The 2016 Summer Olympics will take place in Rio de Janeiro this August. Just months away, athletes all over the world have spent years building up to this moment. And let’s be honest, while many have participated in hours of instruction to learn their sport, more than anything they’ve learned through action –through “hands on” practice.
The way an athlete practices his or her sport is similar to experiential learning, or “learning by doing.”
Experiential learning is more than just “getting involved.” This type of learning tends to stay with you- impacting and influencing you beyond simply having the experience.
With experiential learning, you’re given the opportunity to reflect on what you learned and how you’ll use that knowledge in the future.
Oftentimes, it’s taking knowledge that you learn inside the classroom and applying it to real world situations.
For example, if you’re an English major who intends to pursue a career in Journalism, experiential learning could come in the form of writing for The Retriever Weekly, the student-run newspaper on campus.
Or, as a Mechanical Engineering student, experiential learning could be completing a competitive summer internship with General Electric (GE).
Now, you may be thinking, “this sounds great, but I have some concerns…”
● I don’t have enough time to commit- I’m already juggling a lot on my plate
● I don’t have a lot of extra money
● I really just need to focus on my academics right now
Our response? Not a problem!
Experiential learning opportunities vary in time, cost (some are actually free!), and could possibly be a component of one of your courses.
Students receive academic credit for some but not all types of experiential learning; there are many additional long-lasting benefits to participating:
✓ Breaks up the monotony of your routine (i.e. res hall/home, class, dining hall, back to res hall/home. Repeat).
✓ Helps you gain skills and experience in line with your academic interests
✓ Helps you make real-world connections who can become mentors or potentially future hiring managers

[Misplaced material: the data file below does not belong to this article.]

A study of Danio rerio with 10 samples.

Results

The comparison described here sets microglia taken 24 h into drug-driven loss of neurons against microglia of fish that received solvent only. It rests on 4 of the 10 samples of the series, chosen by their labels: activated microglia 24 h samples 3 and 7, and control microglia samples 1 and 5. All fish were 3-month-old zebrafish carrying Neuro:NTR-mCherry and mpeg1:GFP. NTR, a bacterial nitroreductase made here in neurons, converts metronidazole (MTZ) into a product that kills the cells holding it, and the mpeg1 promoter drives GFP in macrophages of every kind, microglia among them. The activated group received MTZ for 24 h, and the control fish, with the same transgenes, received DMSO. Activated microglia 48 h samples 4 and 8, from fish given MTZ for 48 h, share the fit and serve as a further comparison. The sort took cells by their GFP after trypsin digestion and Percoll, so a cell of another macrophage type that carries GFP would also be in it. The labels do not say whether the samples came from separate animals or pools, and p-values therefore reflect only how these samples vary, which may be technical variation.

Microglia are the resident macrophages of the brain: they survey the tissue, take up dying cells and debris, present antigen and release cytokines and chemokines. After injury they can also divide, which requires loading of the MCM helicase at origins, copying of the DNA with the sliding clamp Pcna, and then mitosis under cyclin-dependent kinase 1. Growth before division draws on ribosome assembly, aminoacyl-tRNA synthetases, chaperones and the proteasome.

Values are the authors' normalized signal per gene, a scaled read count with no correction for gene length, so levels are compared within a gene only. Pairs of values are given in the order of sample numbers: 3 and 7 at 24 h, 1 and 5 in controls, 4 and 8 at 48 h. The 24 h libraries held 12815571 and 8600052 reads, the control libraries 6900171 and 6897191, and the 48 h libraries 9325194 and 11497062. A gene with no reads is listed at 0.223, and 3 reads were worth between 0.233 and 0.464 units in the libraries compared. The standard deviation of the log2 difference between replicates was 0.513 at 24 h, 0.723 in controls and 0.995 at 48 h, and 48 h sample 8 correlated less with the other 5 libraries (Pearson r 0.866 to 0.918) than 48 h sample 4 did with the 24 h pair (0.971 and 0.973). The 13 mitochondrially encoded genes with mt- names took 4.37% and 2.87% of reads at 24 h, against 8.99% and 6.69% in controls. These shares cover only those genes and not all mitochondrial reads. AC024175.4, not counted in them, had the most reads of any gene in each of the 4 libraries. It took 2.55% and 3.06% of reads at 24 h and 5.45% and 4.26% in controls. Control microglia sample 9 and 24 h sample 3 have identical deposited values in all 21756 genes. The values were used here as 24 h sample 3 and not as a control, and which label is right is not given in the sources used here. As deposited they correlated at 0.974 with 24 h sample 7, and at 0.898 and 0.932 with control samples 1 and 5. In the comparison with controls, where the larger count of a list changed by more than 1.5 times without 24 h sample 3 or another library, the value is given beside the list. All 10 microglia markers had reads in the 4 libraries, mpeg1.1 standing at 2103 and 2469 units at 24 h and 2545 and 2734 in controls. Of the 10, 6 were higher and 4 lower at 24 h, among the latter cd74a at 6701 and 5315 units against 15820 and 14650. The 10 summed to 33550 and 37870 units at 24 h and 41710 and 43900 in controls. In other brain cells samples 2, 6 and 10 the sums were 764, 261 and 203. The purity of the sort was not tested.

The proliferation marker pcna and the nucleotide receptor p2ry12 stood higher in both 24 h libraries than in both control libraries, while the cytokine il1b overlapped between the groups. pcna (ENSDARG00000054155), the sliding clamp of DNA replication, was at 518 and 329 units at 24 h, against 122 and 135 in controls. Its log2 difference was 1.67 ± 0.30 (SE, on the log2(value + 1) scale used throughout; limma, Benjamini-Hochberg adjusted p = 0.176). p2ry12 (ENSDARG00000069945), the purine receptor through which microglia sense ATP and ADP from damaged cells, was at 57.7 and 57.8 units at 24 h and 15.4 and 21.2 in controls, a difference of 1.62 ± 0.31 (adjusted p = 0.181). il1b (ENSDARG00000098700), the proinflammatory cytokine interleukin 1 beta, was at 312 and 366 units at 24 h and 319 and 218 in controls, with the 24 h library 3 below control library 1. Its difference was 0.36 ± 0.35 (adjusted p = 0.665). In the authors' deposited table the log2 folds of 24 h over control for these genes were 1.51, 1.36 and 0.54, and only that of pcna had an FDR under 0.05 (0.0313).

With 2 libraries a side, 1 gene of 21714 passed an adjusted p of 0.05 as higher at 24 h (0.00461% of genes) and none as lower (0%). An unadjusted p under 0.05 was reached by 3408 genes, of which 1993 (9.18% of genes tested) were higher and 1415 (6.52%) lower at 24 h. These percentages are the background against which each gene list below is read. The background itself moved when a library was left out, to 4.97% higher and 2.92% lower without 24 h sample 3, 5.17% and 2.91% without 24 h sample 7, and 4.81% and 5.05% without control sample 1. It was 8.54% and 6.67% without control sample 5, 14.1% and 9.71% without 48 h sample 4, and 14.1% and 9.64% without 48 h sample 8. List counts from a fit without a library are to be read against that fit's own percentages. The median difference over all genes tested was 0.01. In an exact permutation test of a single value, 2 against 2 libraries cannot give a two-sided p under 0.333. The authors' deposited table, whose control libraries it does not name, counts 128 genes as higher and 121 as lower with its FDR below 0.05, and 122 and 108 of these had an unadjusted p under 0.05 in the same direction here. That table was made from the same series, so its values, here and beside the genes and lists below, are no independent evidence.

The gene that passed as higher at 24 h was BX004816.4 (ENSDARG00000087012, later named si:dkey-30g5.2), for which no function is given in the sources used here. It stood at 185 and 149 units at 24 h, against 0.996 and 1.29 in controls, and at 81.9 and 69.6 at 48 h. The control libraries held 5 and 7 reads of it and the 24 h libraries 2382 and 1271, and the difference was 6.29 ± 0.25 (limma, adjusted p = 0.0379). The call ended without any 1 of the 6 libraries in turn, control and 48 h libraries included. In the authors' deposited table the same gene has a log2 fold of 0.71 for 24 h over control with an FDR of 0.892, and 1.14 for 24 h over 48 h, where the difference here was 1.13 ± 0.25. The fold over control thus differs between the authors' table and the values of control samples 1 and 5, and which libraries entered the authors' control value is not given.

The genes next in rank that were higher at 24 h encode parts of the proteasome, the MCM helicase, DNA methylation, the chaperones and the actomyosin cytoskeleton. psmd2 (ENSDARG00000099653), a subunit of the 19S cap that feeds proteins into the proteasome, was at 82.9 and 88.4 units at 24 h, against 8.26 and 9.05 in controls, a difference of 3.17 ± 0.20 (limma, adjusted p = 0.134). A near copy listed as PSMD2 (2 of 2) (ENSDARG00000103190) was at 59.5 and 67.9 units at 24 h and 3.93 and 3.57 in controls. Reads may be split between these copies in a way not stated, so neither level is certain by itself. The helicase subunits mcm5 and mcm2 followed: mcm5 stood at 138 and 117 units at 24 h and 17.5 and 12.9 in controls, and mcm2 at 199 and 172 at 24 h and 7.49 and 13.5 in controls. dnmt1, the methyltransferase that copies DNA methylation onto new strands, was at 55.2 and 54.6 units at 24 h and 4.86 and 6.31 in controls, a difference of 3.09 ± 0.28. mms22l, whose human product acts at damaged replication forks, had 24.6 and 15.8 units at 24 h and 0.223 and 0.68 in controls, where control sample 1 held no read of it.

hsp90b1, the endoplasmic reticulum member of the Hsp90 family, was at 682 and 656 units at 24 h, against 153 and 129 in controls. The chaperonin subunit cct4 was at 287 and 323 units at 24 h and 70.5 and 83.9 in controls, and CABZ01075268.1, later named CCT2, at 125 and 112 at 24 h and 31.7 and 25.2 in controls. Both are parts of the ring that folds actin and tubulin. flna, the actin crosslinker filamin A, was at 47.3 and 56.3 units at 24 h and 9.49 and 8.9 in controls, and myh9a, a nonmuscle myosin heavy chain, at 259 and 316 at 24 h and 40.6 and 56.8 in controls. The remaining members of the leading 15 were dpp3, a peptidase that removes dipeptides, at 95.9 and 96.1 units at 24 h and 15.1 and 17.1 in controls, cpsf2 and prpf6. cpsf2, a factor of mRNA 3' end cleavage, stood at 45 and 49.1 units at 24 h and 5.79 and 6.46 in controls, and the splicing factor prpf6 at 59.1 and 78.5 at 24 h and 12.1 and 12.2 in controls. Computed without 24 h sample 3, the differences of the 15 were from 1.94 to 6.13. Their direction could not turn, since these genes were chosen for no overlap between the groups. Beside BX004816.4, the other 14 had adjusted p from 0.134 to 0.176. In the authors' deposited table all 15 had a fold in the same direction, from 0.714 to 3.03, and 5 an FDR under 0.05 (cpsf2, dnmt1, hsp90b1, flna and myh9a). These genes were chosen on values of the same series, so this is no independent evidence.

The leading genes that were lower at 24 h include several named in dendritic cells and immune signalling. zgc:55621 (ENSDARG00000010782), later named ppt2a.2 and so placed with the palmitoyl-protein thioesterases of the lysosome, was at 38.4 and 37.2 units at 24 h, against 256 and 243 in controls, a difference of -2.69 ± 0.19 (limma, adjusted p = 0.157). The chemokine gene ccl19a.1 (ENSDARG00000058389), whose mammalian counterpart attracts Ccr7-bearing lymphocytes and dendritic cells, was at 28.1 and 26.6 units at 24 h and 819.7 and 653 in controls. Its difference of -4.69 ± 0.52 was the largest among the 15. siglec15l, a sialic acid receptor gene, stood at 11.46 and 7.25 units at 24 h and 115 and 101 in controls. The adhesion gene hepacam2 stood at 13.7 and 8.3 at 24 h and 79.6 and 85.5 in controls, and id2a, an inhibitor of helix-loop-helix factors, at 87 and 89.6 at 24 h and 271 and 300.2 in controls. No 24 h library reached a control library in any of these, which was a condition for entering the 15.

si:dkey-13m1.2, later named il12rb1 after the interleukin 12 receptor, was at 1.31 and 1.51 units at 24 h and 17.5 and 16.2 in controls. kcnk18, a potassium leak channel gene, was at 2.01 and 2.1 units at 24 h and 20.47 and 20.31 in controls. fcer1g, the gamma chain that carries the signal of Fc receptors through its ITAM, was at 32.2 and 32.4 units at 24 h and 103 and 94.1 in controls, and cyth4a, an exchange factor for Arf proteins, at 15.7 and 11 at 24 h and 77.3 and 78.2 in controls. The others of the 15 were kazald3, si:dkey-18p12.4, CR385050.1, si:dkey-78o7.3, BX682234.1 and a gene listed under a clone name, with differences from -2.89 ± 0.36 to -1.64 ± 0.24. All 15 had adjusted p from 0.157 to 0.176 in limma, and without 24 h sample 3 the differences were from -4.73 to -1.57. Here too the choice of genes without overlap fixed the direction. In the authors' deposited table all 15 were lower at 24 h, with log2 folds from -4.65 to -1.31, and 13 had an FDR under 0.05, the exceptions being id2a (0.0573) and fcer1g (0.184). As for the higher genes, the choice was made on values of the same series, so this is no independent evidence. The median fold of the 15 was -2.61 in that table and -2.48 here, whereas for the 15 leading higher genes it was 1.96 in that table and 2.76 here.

✓ Shows you how your perspectives and values differ from others
✓ Adds to your collective knowledge of the world
✓ Helps you demonstrate reliability and independence
✓ Helps to enhance your resume when you apply for your first job
We also understand that it might seem counter-intuitive to get involved in experiential learning when you don’t yet know what to major in or what you plan to do after UMBC. However, rest assured that these opportunities can help you make important decisions about your major or future career path. They ultimately help you learn a lot about your identity, what you’re passionate about, and what you value.
Check out the following at UMBC:
Civic Agency & Social Entrepreneurship course:
AMST 205/POLI 205/SOCY 205
This course focuses on strategies for initiating/bringing about social change. As part of the course, students develop a project aimed at creating change on campus or in the community.
The annual Undergraduate Research and Creative Achievement Day (URCAD) will take place on April 27th, 2016!
Study Abroad 101 Sessions:
All sessions are in 218 Administration Building.
**You must attend this session prior to meeting with a Study Abroad Advisor**
The Shriver Center can connect you with opportunities for service learning and civic engagement
Career Crush 2016 is almost here! There will be several opportunities to connect with prospective employers who are hiring students for internships and co-ops.
So what are you waiting for? Get out there, go for the gold, and start experiencing!